I'm a Windows user too and I don't have much experience with Linux systems. I tried to install OpenSUSE but I had a few problems with WiFi and a few other little things.

Can you suggest a good, simple and stable distribution?

closed as primarily opinion-based by Anthon, Stephen Kitt, jasonwryan, Michael Homer, roaima May 21 '15 at 11:11

Many good questions generate some degree of opinion based on expert experience, but answers to this question will tend to be almost entirely based on opinions, rather than facts, references, or specific expertise. If this question can be reworded to fit the rules in the help center, please edit the question.

  • I would recommend Ubuntu Mate. There are distros that have a more Windows like desktop, with start button etc, but I think that won't be a big problem. The redhat like desktops like Centos are definitely not user friendly. Mint is an alternative. I've tried it, but have gone back to Ubuntu. A Core 2 PC will do fine. I've had Ubuntu 12.04 installed on a P4 from 2003 and that still worked, although video would be problematic. – SPRBRN May 21 '15 at 11:58

The best thing would be to install the same distro the friends of your friend use, so he can get help when he needs. If he knows nobody using Linux around him, the simplest and user-friendlier distro is probably Ubuntu. It has a large user base and good support.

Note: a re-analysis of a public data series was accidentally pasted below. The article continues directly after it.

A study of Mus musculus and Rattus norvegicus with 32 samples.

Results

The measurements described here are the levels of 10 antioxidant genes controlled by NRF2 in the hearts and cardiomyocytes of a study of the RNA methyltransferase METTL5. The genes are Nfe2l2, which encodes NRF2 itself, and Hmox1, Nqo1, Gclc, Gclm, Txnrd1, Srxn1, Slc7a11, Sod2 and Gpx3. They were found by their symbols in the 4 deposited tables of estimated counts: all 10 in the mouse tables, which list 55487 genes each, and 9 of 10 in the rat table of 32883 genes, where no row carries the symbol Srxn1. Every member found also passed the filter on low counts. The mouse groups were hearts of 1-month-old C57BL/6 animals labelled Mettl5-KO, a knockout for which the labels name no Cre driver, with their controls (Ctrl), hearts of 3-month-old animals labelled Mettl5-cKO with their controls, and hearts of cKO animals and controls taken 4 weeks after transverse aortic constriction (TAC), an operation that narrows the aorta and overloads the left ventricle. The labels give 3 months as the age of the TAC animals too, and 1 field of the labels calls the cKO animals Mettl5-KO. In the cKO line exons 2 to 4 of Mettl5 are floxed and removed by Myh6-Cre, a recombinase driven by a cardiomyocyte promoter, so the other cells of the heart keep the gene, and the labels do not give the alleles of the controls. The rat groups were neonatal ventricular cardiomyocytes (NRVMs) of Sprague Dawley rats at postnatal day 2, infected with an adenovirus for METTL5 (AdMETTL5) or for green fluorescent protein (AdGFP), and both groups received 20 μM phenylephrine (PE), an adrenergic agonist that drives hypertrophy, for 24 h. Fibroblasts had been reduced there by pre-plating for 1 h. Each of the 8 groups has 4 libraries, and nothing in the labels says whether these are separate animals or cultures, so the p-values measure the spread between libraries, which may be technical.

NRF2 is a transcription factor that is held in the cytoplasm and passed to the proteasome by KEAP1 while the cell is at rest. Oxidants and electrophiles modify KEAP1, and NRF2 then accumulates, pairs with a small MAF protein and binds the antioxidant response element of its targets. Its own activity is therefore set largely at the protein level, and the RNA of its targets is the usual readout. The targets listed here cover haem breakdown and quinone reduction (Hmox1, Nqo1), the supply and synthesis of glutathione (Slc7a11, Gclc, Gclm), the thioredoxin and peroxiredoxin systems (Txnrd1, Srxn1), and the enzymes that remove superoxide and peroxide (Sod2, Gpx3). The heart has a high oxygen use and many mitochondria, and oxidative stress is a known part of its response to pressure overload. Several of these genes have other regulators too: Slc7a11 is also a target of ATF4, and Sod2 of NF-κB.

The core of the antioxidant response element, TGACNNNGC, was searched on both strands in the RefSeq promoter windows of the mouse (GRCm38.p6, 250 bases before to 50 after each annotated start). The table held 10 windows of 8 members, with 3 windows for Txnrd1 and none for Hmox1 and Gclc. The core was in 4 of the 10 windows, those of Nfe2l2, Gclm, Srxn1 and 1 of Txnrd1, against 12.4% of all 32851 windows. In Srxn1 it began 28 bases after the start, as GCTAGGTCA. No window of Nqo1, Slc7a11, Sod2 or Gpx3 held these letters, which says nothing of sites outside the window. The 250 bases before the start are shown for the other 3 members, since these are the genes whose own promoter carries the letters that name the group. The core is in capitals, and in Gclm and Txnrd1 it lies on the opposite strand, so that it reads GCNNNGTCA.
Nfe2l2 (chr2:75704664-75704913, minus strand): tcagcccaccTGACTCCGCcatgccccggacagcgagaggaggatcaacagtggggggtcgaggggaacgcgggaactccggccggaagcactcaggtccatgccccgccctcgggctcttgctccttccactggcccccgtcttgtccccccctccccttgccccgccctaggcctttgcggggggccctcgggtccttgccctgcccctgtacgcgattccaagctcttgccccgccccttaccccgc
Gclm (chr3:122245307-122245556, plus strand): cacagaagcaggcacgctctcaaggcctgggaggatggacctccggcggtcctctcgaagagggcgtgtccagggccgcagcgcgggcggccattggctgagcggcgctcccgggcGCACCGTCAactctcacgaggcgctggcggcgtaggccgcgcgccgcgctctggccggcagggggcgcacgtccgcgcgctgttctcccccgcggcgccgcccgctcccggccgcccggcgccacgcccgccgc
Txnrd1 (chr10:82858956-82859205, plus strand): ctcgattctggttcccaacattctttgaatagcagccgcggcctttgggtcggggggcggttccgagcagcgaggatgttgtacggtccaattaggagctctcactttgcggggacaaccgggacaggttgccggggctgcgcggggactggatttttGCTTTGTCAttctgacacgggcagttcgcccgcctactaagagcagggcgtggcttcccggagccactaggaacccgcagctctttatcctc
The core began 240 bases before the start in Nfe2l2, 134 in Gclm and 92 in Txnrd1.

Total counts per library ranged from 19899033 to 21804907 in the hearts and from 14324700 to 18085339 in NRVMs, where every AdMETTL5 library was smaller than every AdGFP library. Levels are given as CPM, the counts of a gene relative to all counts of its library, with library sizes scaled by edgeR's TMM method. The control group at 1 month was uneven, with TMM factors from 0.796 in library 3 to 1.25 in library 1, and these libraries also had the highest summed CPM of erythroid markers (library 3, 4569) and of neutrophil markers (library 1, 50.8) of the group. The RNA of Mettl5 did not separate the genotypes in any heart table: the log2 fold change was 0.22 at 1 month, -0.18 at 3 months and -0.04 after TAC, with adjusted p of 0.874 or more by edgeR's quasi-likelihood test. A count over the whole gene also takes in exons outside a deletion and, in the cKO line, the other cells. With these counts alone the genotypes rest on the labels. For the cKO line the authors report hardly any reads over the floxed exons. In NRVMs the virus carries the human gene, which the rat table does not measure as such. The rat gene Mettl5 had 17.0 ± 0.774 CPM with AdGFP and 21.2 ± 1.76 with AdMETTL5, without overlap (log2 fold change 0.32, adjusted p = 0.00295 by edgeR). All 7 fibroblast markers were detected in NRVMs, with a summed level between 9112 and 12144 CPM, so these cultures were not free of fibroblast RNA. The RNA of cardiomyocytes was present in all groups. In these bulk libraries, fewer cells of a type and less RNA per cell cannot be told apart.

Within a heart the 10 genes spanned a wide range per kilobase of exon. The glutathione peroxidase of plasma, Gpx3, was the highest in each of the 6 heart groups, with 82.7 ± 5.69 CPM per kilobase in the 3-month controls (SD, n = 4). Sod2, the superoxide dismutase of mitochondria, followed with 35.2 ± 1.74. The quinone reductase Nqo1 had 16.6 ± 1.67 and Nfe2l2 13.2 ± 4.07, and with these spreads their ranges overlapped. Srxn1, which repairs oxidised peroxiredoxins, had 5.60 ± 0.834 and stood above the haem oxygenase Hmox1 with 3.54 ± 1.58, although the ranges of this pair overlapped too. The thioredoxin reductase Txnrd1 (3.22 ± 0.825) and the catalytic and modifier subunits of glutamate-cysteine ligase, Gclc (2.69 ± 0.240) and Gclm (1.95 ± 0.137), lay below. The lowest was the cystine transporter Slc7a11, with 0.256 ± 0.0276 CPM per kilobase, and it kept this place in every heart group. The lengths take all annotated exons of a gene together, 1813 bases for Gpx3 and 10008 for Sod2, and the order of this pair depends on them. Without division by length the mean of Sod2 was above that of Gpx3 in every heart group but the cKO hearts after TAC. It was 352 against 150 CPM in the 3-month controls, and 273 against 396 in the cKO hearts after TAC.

Personally, it's friendly with Windows users more than Ubuntu.

  • Good point, and it's Ubuntu-based. – dr01 May 21 '15 at 8:39
  • Thank you very much, I think that I'll try Mint. One more thing, what about hardware compatibility? – Ric May 21 '15 at 9:33
  • Ubuntu (and Mint as its descendant) boasts superb hardware detection and compatibility. This comes at the price of a slight performance penalty, though you probably shouldn't bother. Most hardware should be detected without any problems. – Erathiel May 21 '15 at 9:42

What you may want to ask yourself is the question of which Desktop Environment to choose, i.e. whether you want maximum UI familiarity with Windows 7. If your friend shudders at the thought of developing completely new habits then you don't want to bestow a distro with a completely unfamiliar interface on him.

So the question seems to boil down to the choice of DE. Obviously this is a very subjective matter but I'd suggest trying something with Cinnamon (like Linux Mint which is the parent project of this DE).

KDE might be another good choice for a Windows-like desktop (with Kubuntu or Linux Mint's KDE edition).

My personal favourite would be MATE (again with Linux Mint or Ubuntu MATE edition), which by default has a slightly different layout than Windows users are accustomed to but can be easily tuned to resemble Windows experience.

If you want to go with a very lightweight option, you may want to consider something with XFCE or LXDE (Xubuntu or Lubuntu, respectively).

There are also two popular DEs: GNOME and Unity (the latter used in main Ubuntu edition), but those two are rather far off in terms of Windows UI familiarity.

One more suggestion: there is a distribution called Zorin which boasts a user interface that resembles certain other systems and you can even easily switch between them with a "look changer". The "looks" include Windows 7, Windows XP, Windows 2000, Ubuntu Unity, Mac OS X and GNOME 2. Some of these are premium features that need to be paid for but I have no idea how much that costs.